UST Student Engineering Team Wins Top Prize for Innovative Idea in National Competition
In a NASA-hosted Shark Tank-style competition for higher education engineering students from across the country, a University of St. Thomas-Houston team has taken the top prize, besting institutions like Boston College and Tufts University. The nine-member team represented various backgrounds in mechanical engineering, electrical engineering, chemical engineering and physics.
The NASA MUREP Innovation and Technology Transfer Idea Competition (MITTIC), held every semester, asks student teams to create a marketable idea or product using intellectual property or patents developed by NASA for their missions. UST’s innovative winning idea, titled “Piezo Pace,” was to use NASA’s novel piezoelectric generator to sustainably power a pacemaker.
Innovative Pacemaker Addresses Sustainability and Quality of Life
A UST team member, junior mechanical engineering student Riley Keck, also president of the St. Thomas chapter of the American Society for Mechanical Engineers, said, “A typical pacemaker battery may last 10 years and then require surgery to replace. We proposed to replace the battery with a piezoelectric generator to harvest excess mechanical energy in the body and sustainably power the pacemaker. Theoretically, the expected life of the generator would prevent any need for replacement, saving money and risky surgeries in the future.”
Serious Preparation and Learning
The contest was comprised of three phases:
- Phase 1, students propose an idea and submit a detailed technical and business proposal; selected teams move on to the 2nd phase.
- Phase 2, the top teams take a three-day tour of a NASA campus and participate in a poster presentation, professional development, and finally their “Space Tank” pitch made before a panel of expert judges.
- Phase 3, the winning pitch gets to travel to NASA Ames Research Center in Silicon Valley in May where the team will present their idea to a broad group of entrepreneurs.
Why This Win Is Especially Exciting
UST’s winning engineering team was under the guidance of Dr. Matthew Zelisko, assistant professor of Physics and Engineering. He explained why the win was so exciting for UST.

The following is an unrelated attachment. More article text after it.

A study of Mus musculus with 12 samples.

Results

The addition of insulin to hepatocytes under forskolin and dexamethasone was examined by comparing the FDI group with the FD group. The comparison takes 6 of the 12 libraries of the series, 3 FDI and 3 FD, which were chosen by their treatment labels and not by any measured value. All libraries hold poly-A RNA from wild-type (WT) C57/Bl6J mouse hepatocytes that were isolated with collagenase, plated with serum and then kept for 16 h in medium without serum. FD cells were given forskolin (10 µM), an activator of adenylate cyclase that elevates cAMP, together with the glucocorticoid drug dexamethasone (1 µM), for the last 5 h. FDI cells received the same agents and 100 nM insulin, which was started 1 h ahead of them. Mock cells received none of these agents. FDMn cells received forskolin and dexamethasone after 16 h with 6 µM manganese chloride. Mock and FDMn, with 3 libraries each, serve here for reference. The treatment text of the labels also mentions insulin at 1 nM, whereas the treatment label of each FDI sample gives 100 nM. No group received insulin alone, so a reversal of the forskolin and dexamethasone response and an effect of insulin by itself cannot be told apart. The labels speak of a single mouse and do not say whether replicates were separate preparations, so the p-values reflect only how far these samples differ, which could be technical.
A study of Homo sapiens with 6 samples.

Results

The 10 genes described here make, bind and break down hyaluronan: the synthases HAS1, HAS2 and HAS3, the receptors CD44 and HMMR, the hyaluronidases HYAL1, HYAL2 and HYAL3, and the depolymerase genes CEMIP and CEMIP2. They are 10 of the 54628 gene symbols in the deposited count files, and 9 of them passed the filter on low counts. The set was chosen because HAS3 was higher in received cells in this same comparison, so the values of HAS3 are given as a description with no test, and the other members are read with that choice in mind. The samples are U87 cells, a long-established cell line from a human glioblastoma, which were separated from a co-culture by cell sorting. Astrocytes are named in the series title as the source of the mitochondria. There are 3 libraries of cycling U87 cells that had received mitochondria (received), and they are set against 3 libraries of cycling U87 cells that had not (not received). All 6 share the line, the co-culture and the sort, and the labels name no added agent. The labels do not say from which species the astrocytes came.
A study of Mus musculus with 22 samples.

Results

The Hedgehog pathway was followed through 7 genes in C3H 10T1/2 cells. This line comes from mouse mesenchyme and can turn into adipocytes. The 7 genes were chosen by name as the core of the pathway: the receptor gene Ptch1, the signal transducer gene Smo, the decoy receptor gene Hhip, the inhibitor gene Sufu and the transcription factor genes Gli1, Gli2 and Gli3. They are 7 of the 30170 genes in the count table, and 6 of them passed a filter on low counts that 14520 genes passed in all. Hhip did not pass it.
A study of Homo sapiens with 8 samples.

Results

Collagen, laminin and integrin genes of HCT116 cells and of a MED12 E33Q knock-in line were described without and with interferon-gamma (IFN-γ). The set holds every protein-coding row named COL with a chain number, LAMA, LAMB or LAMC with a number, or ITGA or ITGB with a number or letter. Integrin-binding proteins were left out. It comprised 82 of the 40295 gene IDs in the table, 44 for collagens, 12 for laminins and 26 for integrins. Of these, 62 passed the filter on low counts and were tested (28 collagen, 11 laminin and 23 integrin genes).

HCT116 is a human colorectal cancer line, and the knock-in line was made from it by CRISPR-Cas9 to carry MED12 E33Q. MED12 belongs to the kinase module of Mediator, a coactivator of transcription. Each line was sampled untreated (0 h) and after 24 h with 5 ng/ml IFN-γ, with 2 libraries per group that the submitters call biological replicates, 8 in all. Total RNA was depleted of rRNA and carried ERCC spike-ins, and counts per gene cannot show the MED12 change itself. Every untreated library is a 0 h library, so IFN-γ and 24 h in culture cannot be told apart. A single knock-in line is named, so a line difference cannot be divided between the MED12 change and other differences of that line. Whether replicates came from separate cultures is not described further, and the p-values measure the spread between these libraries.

“First, this was a competition hosted by NASA (big name recognition there) with universities competing from around the country,” Zelisko said. “Second, this was the first engineering competition a group of UST students has been able to fully participate in. Due to COVID, we haven’t had much of an opportunity to showcase our engineering program, which began right as the pandemic hit. To go out and win the first competition like this sets a high bar for future groups of students. Finally, winning this competition has not only encouraged the participating students, but has inspired many of our other students to start looking into other competitions. We already have multiple groups of students contacting me about getting involved in the future.”
Prize Money and a Visit to Silicon Valley
The UST team won $15,000 in prize money. Zelisko said they plan to use a portion of the winnings to continue researching the proposed idea. Their first step would be to develop a proof-of-concept experiment or prototype.
As champions, the UST team will visit the NASA Ames Research Center in Silicon Valley in May when they present their idea to a broad group of entrepreneurs.
Zelisko said, “The win demonstrates UST has a serious engineering department. Getting that recognition or reputation for developing high-caliber students can sometimes be difficult for a very new program. But, we now have proof that our department is taking steps to make sure our students are well-equipped to succeed in the future.”